You asked:  “Can we start requiring pre-employment physical exams to help us avoid hiring someone with a history of serious health issues?”

Laura answers:

The hiring process presents endless opportunities for unintended discrimination. One of the most hazardous areas is pre-employment medical exams.


The danger of discrimination comes into play when employers conduct these exams unnecessarily; or at the wrong point in the hiring process; are not consistent in conducting the exams; or are careless with the information gathered.


For jobs that do not involve significant physical requirements (many office jobs, for example), it is hard to justify requiring a pre-employment exam. For other jobs, however, it is vital that you confirm your candidate’s ability to perform the essential functions of the job. A shipping and receiving clerk, for example, must be able to lift large loads without significant risk to his/her health. A construction crane operator must not have a history of seizures as that would pose a clear threat to public safety.


First things first. For physically demanding jobs, a functional job analysis should be completed showing how much lifting, bending, twisting, and other physical requirements are involved. This job analysis should be given to the company-selected occupational physician or physical therapist who will administer the pre-employment exam, also called Physical Capabilities Tests or Functional Capacity Assessments.


The purpose of the functional capacity assessment is to determine that applicants who have received employment offers can perform, with or without accommodation, the essential functions of the job in question. To learn more about functional capacity evaluations, check out the entry on this subject in our previous posting: HR’s Role in Preventing Worker’s Comp Claims.


Once you’ve determined the test is necessary, you must then consider the timing. According to the Americans with Disabilities Act (ADA), an employer may not conduct medical examinations until after making a conditional job offer to the applicant. Once a conditional job offer is made, you can require your candidate to undergo a medical examination. But only if this is required of all candidates in that job category.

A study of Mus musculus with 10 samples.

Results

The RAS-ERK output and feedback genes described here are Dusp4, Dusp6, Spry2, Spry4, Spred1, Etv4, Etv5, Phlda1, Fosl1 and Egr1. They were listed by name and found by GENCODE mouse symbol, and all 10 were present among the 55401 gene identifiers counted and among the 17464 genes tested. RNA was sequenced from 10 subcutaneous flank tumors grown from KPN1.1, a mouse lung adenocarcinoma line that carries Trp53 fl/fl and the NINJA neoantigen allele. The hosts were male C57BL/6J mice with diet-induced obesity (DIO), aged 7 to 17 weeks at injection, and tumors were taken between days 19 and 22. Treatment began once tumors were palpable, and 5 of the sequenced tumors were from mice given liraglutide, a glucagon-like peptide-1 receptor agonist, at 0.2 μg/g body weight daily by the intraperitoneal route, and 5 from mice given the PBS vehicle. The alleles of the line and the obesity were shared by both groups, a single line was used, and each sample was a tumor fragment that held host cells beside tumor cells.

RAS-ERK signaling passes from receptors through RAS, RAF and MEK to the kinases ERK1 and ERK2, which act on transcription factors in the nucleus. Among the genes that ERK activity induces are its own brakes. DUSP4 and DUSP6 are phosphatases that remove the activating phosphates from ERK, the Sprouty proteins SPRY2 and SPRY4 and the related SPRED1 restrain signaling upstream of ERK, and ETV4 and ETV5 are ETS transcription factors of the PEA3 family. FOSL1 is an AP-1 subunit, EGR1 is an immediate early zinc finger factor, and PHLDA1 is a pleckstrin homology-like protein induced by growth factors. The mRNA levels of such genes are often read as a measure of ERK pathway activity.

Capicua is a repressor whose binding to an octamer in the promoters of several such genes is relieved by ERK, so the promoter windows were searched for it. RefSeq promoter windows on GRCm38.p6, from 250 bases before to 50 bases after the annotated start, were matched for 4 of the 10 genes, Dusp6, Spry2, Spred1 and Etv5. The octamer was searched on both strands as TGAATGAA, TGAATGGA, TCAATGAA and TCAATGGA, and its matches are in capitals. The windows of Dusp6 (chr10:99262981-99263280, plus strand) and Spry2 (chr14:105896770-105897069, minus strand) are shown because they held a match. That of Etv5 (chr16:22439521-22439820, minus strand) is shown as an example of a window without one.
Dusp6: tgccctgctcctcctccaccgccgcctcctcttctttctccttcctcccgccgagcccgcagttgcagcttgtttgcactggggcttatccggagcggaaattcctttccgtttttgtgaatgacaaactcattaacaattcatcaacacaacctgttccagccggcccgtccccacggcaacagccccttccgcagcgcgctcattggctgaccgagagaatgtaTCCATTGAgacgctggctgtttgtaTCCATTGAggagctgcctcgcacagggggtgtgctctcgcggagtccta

Here are some best practices for administering these tests:


·         Be prepared: Before the job is posted, have a job description prepared that includes all the essential functions of the position, based on that Functional Job Analysis. (For help writing a job description, see our blog posting, “Time to talk about Job Descriptions”.)


·         Be clear to applicants:

o   If an exam will be required, the job posting should state, “Job will be offered on condition of meeting the predetermined essential physical requirements for the job. A medical examination is required.”

o   The successful candidate should be given a written offer letter indicating that the position has been offered on a conditional basis, contingent upon the satisfactory results of a medical examination.

o   A Medical Questionnaire and Physician’s Report should be enclosed. The applicant will fill out one section and the evaluating physician will complete the rest. Upon completion, this form is returned to the company.


·         Inform the medical examiner:

o   A copy of the signed offer letter, job description and the functional job analysis form should be sent to the doctor or therapist conducting the exam. (The candidate should bring the signed Medical Questionnaire and Physician’s Report.)

o   Let the doctor/therapist know that any recommendations or conclusions related to hiring or placement of the candidate should focus on only two concerns: Can the individual perform the job functions with or without reasonable accommodations? And, can the individual perform the job functions safely, without posing a threat to the health or safety of self or others?

·         Only job-specific information, based on the functional job analysis, should be given to the company by the examining doctor.


·         Keep it confidential: Keep any medical information gathered confidential, in employee’s secured medical file, separate from their personnel file. This will ensure compliance with the ADA, the Genetic Information Nondiscrimination Act (GINA), and, of course, the Health Insurance Portability and Accountability Act (HIPAA).


In order to reject a candidate based on test results, you must demonstrate that the reason for the rejection is job-related and consistent with business necessity or the individual poses a significant risk of substantial harm to him/herself or others, and that the risk cannot be reduced below the direct threat level through reasonable accommodation.


If you need guidance with any step in the hiring process, please contact us through our website,, via email at or by calling us at 724-864-8745. If you’d like email notification of all blog updates, just click the follow button at the bottom of the window.